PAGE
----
The Chequers public house
|North East Bedfordshire|
Wrestlingworth is a village in Bedfordshire, standing in the east of the county close to the border with Huntingdonshire. Wrestlingworth is a small picturesque rural parish of approximately 1,700 acres with a population of over 850 people.
The name of the village is found as Wrastlingewurde (12th century) and as Wrestlingforth (17th & 18th centuries).
Well located for commuting to Cambridge, Stevenage and London, the village is a thriving community with an active pre-school group and a Church of England VC Lower School, which is rated outstanding by Ofsted.
Wrestlingworth is a highly social community with a wide variety of active groups, many of which hold their meetings in the village's iconic Grade-I-listed 17th-century pub, The Chequers. These include the local Women's Institute, the Goodwill Fund, the Walking and Wildlife Group, The Bowls Club and the Pre-School support group.
Wrestlingworth is renowned for its excellent network of local walks through the superb local countryside and nearby ancient woods at Potton, together with the historic Clopton Way.
Water End is a hamlet at the south of Wrestlingworth at TL255470; houses joined by just a track and footpath of a few dozen yards to the main village, some half a mile to the south of the village centre.
Wrestlingworth is not mentioned in the Domesday Book. However, by the mid 12th century two manor houses – Kendale's and Hereford's - are recorded as the village which was being established along the banks of a tributary of the River Cam.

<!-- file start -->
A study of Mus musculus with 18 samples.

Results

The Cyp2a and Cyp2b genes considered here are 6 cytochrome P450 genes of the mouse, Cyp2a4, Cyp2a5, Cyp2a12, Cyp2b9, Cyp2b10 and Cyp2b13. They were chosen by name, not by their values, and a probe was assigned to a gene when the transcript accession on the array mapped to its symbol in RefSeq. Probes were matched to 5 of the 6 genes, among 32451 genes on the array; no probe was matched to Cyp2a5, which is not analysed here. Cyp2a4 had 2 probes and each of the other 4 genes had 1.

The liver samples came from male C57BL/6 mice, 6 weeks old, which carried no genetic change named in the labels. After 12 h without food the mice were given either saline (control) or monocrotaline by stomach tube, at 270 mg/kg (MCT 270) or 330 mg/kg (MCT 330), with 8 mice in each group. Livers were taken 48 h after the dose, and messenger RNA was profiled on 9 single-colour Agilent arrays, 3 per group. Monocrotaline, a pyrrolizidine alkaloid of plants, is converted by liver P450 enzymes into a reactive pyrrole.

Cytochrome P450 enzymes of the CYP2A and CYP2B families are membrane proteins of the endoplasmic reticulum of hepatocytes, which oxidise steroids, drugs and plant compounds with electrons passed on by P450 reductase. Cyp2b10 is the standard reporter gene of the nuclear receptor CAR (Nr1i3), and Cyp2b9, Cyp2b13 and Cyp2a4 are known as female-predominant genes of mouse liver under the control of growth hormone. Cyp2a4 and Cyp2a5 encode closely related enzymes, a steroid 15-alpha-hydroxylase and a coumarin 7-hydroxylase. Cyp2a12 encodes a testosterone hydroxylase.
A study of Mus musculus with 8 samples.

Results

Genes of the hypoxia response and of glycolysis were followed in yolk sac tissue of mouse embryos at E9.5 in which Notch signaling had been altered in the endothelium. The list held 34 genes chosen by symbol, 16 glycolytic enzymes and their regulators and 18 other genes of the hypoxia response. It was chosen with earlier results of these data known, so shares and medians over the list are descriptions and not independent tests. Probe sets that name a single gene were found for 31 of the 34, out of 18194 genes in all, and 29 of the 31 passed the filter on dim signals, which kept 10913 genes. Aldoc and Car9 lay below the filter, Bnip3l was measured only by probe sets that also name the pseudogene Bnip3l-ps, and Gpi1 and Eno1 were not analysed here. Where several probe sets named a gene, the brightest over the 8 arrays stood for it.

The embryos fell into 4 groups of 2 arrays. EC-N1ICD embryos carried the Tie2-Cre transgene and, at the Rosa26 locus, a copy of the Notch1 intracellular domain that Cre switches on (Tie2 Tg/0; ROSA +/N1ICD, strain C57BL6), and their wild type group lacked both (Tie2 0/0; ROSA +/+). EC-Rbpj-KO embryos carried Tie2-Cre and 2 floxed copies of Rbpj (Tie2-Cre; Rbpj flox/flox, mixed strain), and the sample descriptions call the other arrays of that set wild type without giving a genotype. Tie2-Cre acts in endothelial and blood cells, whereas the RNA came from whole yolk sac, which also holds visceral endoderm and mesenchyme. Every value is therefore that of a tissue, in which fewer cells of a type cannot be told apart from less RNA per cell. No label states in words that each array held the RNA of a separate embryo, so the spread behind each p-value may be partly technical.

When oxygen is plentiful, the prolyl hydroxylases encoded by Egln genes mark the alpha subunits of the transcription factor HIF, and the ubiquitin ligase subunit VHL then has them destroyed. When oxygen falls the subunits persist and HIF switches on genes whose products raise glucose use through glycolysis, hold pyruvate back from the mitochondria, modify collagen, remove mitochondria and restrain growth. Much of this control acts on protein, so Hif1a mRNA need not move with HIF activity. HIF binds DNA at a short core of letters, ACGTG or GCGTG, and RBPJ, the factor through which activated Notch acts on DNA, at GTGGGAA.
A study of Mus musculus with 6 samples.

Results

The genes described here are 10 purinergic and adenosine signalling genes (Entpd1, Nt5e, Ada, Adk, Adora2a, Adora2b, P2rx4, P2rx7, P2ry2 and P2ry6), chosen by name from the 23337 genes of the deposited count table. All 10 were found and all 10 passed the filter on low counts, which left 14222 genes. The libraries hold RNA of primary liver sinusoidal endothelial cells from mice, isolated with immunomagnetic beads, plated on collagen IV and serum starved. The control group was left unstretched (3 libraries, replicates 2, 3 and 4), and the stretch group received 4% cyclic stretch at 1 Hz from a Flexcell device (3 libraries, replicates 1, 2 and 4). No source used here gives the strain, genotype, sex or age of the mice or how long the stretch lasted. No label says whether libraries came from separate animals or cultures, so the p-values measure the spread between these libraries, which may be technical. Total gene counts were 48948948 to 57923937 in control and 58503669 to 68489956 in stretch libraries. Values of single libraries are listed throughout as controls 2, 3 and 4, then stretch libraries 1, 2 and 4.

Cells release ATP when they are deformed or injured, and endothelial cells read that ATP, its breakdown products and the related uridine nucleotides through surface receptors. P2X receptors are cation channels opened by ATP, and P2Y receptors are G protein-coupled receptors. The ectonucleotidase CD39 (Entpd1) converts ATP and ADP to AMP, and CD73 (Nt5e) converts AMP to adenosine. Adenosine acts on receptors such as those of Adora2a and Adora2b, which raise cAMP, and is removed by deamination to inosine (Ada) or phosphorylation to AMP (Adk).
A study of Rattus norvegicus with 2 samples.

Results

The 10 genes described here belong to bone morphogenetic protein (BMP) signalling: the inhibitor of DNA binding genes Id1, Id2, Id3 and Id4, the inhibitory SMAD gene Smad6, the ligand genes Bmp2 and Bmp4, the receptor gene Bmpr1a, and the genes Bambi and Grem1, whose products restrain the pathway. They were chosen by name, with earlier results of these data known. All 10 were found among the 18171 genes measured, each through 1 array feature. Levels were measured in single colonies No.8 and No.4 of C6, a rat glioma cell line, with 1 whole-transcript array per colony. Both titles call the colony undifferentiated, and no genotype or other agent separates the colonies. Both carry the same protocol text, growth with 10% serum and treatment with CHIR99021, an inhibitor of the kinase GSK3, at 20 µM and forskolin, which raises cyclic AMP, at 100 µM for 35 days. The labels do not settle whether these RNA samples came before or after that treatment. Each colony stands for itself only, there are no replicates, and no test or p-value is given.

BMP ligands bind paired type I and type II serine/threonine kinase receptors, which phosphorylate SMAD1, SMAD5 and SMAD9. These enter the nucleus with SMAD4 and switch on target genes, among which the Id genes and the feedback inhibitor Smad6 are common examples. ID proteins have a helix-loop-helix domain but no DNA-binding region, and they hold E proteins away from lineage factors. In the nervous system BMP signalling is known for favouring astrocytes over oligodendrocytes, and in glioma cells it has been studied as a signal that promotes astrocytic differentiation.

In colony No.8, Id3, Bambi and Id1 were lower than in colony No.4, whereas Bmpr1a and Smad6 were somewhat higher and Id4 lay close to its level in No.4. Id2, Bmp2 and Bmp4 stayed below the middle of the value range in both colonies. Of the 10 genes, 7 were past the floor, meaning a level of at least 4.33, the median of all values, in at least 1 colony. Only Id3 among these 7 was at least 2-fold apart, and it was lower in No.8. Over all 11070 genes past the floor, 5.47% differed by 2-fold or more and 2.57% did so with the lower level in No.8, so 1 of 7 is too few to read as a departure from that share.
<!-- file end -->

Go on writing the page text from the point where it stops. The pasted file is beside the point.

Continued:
The Church of St Peter was established in about 1300 and still plays a central role in village life. Graves from the Great Plague are still clearly visible in St Peter's churchyard, together with low-set 'leper' windows.
Through the centuries Wrestlingworth flourished as a rural farming community partly due to its close proximity to the old Great North Road and the historically influential towns of Potton and Biggleswade.
The last woman to be publicly hanged
In the 1840s notoriety hit the village when the case of the murderess Sarah Dazley came to the fore. By the age of 25 Sarah had poisoned two husbands and a child. She was about to marry a third husband when villagers warned him of her past and subsequent investigations took place. These commenced with exhumation of the bodies and a Coroner's Inquest which was held in The Chequers Pub. Traces of arsenic were found and several local residents gave evidence against Sarah during her trial at Bedford Assizes.
At the end of the harrowing case, Sarah was found guilty and sentenced to be hanged outside Bedford Goal. She was the last woman to be publicly hanged in Britain and it is said that the entire Wrestlingworth community walked or rode over to Bedford to see the event.